Book Review: The Chain

As soon as I started reading “The Chain” by Robin Lamont, I could not put it down. The book is full of suspense and leaves the reader on the edge of their seat. I spent two back-to-back afternoons reading non-stop. Lamont hooked me right from the start with the opening chapter. The story begins with an employee from a meat-packing plant who was secretly documenting the awful conditions of the slaughterhouse and then mysteriously dies. The plot thickens from there and characters are brought to life, ranging from a teenage girl who discovers vegetarianism to an undercover animal rights investigator to the employees working in the plant.

“Jude Brannock, a seasoned and passionate animal welfare investigator, is drawn into the lives of a damaged family in a small town that depends on a meat packing plant for its survival. Jude has been summoned to Bragg Falls to meet with a whistleblower who has documented the dangerous conditions for workers and the brutal treatment of pigs about to be slaughtered at D&M Processing. But when she arrives, she finds that her contact has committed suicide and the video he made is gone. The deeper she probes, the more the town’s residents turn against her – afraid that an exposé will shut down the plant. But beyond the local resistance, there is a more sinister force that will do anything to hide what is happening behind the secretive doors of the slaughterhouse.”

I’ve always admired the real-life animal rights activists who go undercover to try to bring justice and freedom for the animals who are killed by humans for consumption. Although this book is fiction, Robin Lamont helped me gain a better understanding on what it’s like to live this kind of life. On the opposite end of the spectrum, Lamont so delicately balanced the viewpoints of the meat-packing plant’s employees, shedding light on the human rights aspect of this type of industry. I was surprised with myself on how much sorrow I felt for the people working in the slaughterhouse. The meat industry is such a corrupt and greedy business, and this book showed that it’s usually the innocent who get trapped into this kind of life, being exploited just as much as the animals.

Robin Lamont was so kind to join the Colorado Springs Vegan Book Club last month via Skype. It was really incredible to have the chance to talk to her about the characters, the story, and her experience in writing the book. It was a very intimate group, so we were all able to ask her the questions that we were dying to learn more about. One specific question we asked her was about Caroline, the meat-packing employee’s rebellious teenage daughter who becomes vegetarian. I love how Robin described Caroline’s character as symbolizing the darkness in the truth of the meat industry. I related so much to this character, and I’m sure a lot of animal rights advocates do too. Much like Caroline, when I learned about the horrors of the factory farms and the constant exploitation of animals, it was hard to just stand by and do nothing. It became somewhat of my life mission to stand up for what’s right for these sentient beings, and that’s what Caroline’s character portrays. She shows the reader what’s it like to discover what’s behind the curtain of the meat industry.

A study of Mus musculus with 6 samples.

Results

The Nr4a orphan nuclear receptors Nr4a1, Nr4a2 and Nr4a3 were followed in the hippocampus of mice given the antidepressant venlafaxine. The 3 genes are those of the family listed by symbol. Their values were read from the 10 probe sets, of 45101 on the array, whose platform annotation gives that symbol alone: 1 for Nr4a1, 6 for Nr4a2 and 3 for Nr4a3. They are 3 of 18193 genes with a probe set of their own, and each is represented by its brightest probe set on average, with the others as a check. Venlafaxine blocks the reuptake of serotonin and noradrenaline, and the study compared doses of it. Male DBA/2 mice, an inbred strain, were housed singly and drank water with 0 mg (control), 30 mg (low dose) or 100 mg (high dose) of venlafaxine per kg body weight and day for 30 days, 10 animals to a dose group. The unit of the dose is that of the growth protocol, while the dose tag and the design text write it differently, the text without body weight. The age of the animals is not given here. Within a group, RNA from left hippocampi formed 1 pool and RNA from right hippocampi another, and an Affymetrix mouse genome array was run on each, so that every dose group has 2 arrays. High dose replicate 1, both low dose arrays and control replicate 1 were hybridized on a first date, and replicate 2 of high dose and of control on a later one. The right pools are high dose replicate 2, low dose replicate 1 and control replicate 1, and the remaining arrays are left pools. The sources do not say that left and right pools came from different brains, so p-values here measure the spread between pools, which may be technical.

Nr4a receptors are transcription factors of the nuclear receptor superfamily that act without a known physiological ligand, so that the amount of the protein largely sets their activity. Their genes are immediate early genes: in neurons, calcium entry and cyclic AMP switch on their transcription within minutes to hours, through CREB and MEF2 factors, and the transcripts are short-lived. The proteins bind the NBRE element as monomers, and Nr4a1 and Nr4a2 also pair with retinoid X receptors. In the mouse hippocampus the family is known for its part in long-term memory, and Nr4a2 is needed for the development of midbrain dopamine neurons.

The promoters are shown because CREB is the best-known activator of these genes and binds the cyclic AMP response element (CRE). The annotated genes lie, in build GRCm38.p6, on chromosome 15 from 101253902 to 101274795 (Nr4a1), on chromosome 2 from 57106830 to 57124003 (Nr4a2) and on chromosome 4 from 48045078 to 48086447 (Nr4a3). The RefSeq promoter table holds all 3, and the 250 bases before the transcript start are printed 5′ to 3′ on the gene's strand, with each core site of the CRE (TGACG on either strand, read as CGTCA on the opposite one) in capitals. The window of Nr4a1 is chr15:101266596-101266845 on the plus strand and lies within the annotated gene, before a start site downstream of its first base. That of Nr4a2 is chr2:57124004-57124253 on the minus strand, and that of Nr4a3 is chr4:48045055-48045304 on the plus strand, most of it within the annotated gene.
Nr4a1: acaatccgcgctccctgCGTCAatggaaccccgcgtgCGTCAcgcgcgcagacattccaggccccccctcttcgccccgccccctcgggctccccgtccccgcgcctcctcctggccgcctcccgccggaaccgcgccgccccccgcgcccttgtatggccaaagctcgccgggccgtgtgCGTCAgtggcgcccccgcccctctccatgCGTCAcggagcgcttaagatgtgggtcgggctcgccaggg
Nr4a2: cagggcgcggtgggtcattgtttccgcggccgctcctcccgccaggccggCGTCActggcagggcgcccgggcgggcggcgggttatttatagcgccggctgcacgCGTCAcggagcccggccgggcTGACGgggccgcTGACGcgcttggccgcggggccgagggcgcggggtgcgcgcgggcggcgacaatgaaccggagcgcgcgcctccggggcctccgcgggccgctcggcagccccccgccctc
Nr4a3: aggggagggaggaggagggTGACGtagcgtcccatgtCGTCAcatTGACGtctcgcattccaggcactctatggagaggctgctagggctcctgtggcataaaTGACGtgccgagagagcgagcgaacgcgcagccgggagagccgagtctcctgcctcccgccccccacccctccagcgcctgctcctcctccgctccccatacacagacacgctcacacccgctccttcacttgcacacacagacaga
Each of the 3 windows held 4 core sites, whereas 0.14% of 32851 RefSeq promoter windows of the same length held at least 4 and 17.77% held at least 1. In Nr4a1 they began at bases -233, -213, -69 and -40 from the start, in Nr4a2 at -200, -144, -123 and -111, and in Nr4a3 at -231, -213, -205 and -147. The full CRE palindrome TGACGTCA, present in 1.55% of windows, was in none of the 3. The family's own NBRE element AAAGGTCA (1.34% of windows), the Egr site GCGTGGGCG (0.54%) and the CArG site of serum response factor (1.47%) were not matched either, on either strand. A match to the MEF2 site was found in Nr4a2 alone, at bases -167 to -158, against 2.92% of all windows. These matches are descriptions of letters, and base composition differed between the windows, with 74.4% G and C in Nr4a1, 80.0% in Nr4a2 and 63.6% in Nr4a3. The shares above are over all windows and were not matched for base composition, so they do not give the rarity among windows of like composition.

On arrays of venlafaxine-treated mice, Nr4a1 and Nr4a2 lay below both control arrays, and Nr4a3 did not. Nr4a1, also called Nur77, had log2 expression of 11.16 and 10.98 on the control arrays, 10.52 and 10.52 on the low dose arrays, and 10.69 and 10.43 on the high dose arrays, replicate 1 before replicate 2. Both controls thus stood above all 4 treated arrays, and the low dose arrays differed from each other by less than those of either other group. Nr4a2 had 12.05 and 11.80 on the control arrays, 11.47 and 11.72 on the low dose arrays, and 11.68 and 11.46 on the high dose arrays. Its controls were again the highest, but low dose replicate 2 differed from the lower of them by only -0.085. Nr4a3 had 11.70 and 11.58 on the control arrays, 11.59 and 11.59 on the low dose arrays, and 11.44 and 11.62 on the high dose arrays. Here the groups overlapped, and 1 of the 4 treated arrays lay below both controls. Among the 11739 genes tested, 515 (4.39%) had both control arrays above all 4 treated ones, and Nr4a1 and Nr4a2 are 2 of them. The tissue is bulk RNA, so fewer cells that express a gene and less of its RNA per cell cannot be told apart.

We also asked Robin if she had any advice for animal rights advocates. She was very humble in her reply, not giving herself much credit as being an animal rights activist, which is far from the truth – her book is bringing awareness to the cruelty involved in factory farms to a mainstream audience. Robin did offer this guidance: just keep doing what you’re doing, whether it’s writing or whatnot, because everything – even the smallest act – is activism. I love that she put it this way because I think a lot of us in the animal rights movement can beat ourselves up, feeling like we’re not doing enough – I know I have done this before. Robin reminded me that we need to just do the best that we can, even if that simply means cooking a vegan meal for someone or having a conversation with others about animal exploitation. It all leads to something greater, which gives me hope for the animals.

Robin did mention that her next book should come out in the fall, and I CANNOT wait!!!! She said that Jude is still the main character, doing undercover work in the wildlife services, which includes topics such as the very controversial Ag-gag laws that keep popping up in the news lately. I know that this book will definitely be on our book club’s list once it’s released.

4 thoughts on “Book Review: The Chain

  1. Thanks for another great recommendation, the books you feature are always good so I will definitely be getting my hands on this one. And thanks also for sharing what the author said about doing what you can, even if it is only a small gesture. I’ve been feeling frustrated about this recently, but she is so right in what she says. I recently lent a friend my Forks Over Knives DVD and he told me yesterday that he found it a real eye opener and he and his wife have already cut their meat consumption by 75%. Thanks again 🙂


      • Awesome!!! You won’t be disappointed! I’m thinking of loaning it to some omni folks because Lamont does a nice job with interweaving the fictional storyline with scenes from a meat-packing plant. It kind of is like how Fast Food Nation had an impact on me so then I watched Food Inc, and then I never went back to eating meat! Let me know what you think when you finish the book! Enjoy!